Seri Koyuki is just trying to have a normal school life, but instead he ends up acting as the straight man to his odd classmate, Kabuto Hanadori. Kabuto is is a delusional high school student, whose fantasies range from believing he is a knight on a journey, to claiming that removing his eyepatch will release a darker alter-ego who he refers to as Michael Offenbarung Dunkelheit. Seri is determined not to let himself get pushed around by Kabuto, but it seems that this will be easier said than done!
BokuHaka is a pretty entertaining read that is exactly as outlandish and hilarious as it sounds.
I was leafing through some of the lesser-known upcoming anime, and this series came up. When I saw the summary, I knew I couldn't go on with my life without at least taking a peek at the manga, and before I knew it I had gone through all the chapters I could find.
The characters are great. Koyuki wants to have a normal high school life, but class chuunibyou Hanadori has other plans, which usually involve deep-seated delusions of a supernatural sort. Toss in a scheming friend who finds their antics
together amusing and another who can summon bad luck seemingly at will, and a world of humorous aggravation ensues. The characters don't feel one-dimensional whatsoever and show small hints of future development, which gives an air of continuity that lets BokuHaka exist as something much more substantial than a run-of-the-mill gag manga. That sort of development is also the most a reader could reasonably expect after so few chapters (at least, those few I could find in English), so the question of whether the characters are handled well in the long term is, understandably, up in the air.
The originality of each new chapter of the story really made an impression on me, and I think the variety on show in BokuHaka, such as the boys accidentally destroying school property or ruining each other's Animal Crossing villages, is one of its strong points for sure. The story is mostly episodic so far, with the only overarching plot being Koyuki's universally failed attempts to distance himself from Hanadori, and as in many comedies the plot is more of a static object from which to hang humorous situations than something that drives the manga forward.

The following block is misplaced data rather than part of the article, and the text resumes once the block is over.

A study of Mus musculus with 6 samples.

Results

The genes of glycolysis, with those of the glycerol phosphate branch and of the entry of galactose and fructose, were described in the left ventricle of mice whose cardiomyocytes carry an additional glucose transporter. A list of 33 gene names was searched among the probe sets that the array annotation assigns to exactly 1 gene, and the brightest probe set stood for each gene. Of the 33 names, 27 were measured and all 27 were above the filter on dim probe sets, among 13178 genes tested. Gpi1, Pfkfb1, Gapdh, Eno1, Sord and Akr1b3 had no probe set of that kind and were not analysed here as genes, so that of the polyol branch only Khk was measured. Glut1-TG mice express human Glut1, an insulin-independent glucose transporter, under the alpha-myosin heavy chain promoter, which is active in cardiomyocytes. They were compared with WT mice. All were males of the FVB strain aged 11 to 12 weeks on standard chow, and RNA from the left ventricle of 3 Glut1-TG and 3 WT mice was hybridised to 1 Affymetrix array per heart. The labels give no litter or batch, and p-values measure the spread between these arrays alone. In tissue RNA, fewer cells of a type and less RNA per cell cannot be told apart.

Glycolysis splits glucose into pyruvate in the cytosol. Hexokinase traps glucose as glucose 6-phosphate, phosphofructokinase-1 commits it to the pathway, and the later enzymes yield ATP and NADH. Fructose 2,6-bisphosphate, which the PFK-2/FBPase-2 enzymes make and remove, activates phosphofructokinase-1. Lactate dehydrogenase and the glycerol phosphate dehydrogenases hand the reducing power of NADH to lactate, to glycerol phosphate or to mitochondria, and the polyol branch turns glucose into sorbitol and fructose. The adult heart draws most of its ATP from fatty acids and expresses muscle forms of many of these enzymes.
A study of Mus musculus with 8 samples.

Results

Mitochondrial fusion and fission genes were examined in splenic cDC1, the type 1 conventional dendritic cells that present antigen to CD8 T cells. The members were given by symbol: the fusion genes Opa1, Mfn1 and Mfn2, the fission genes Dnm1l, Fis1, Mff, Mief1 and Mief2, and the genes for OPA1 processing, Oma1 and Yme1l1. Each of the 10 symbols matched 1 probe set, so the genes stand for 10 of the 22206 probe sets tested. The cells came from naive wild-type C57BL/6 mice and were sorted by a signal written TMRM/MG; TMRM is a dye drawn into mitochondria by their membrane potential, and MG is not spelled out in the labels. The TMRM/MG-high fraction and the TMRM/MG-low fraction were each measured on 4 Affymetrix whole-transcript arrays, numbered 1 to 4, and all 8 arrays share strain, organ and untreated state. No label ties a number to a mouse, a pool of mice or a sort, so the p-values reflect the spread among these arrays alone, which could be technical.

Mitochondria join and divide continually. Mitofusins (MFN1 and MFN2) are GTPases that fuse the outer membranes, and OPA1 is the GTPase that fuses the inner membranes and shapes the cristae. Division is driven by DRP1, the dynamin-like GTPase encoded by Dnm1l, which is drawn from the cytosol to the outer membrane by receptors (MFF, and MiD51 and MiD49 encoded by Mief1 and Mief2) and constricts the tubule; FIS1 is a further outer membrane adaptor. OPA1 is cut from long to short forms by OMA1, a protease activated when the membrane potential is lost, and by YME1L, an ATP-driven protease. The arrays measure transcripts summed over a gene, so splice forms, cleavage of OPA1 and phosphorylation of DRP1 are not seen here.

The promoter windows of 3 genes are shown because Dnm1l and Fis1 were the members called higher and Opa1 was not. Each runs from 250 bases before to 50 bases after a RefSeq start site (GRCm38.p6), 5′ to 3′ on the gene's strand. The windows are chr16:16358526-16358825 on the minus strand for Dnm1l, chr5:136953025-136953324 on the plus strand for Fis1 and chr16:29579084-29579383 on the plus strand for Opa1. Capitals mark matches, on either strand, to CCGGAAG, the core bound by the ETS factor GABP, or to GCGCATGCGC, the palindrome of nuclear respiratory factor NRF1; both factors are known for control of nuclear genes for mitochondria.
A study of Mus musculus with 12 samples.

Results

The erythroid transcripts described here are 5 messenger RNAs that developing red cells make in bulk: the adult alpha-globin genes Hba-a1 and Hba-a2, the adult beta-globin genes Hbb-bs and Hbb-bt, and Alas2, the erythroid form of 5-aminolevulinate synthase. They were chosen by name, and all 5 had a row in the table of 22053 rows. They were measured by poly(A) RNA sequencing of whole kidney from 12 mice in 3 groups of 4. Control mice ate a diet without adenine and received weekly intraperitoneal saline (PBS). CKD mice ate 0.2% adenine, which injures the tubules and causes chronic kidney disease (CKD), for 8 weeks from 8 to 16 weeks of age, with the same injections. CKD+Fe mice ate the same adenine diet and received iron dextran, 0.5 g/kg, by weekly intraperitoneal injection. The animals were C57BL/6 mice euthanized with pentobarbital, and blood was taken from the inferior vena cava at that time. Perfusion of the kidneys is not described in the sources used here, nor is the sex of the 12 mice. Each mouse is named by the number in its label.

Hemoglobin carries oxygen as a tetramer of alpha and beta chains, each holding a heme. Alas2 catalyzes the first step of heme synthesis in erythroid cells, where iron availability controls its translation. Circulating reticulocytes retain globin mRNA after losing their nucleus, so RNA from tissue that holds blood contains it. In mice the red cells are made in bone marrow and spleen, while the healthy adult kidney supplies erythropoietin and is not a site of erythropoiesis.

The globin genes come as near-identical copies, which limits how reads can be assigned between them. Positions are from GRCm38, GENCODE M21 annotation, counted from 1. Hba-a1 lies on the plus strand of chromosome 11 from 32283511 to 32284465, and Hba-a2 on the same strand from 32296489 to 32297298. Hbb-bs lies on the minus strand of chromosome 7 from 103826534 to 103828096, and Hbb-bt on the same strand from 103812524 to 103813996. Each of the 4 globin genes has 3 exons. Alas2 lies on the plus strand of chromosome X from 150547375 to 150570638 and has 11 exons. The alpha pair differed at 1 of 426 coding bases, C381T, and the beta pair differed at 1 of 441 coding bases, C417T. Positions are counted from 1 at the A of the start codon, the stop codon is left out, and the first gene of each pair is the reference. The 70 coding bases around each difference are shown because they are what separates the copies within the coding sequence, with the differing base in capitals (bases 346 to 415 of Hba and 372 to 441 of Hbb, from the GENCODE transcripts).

The art isn't spectacular, but is reasonably polished, and the mangaka seems fully capable of switching from a light style to a more dark, action-oriented one whenever Hanadori's alter egos have to seal away the forces of darkness or whatever he seems to have decided upon that day. This contrast helps to bring out the humor in each scene. Koyuki's reactions to his annoying friends include drifting off into the deep recesses of space or, more commonly, making a vacant expression that indicates he has completely given up inside, all of which are drawn very well, with either a flourish or with flat simplicity, respectively. The fact that all of the characters are rather easy on the eyes helps, too -- though that may be a personal preference.
As you've probably gleaned by now, the humor is silly and situational without over-relying on the outlandish and the ludicrous to carry the punchline (although there is plenty ludicrous going on). BokuHaka's humor is very well-balanced, and I thoroughly enjoyed reading it. Looking forward to seeing it animated, too.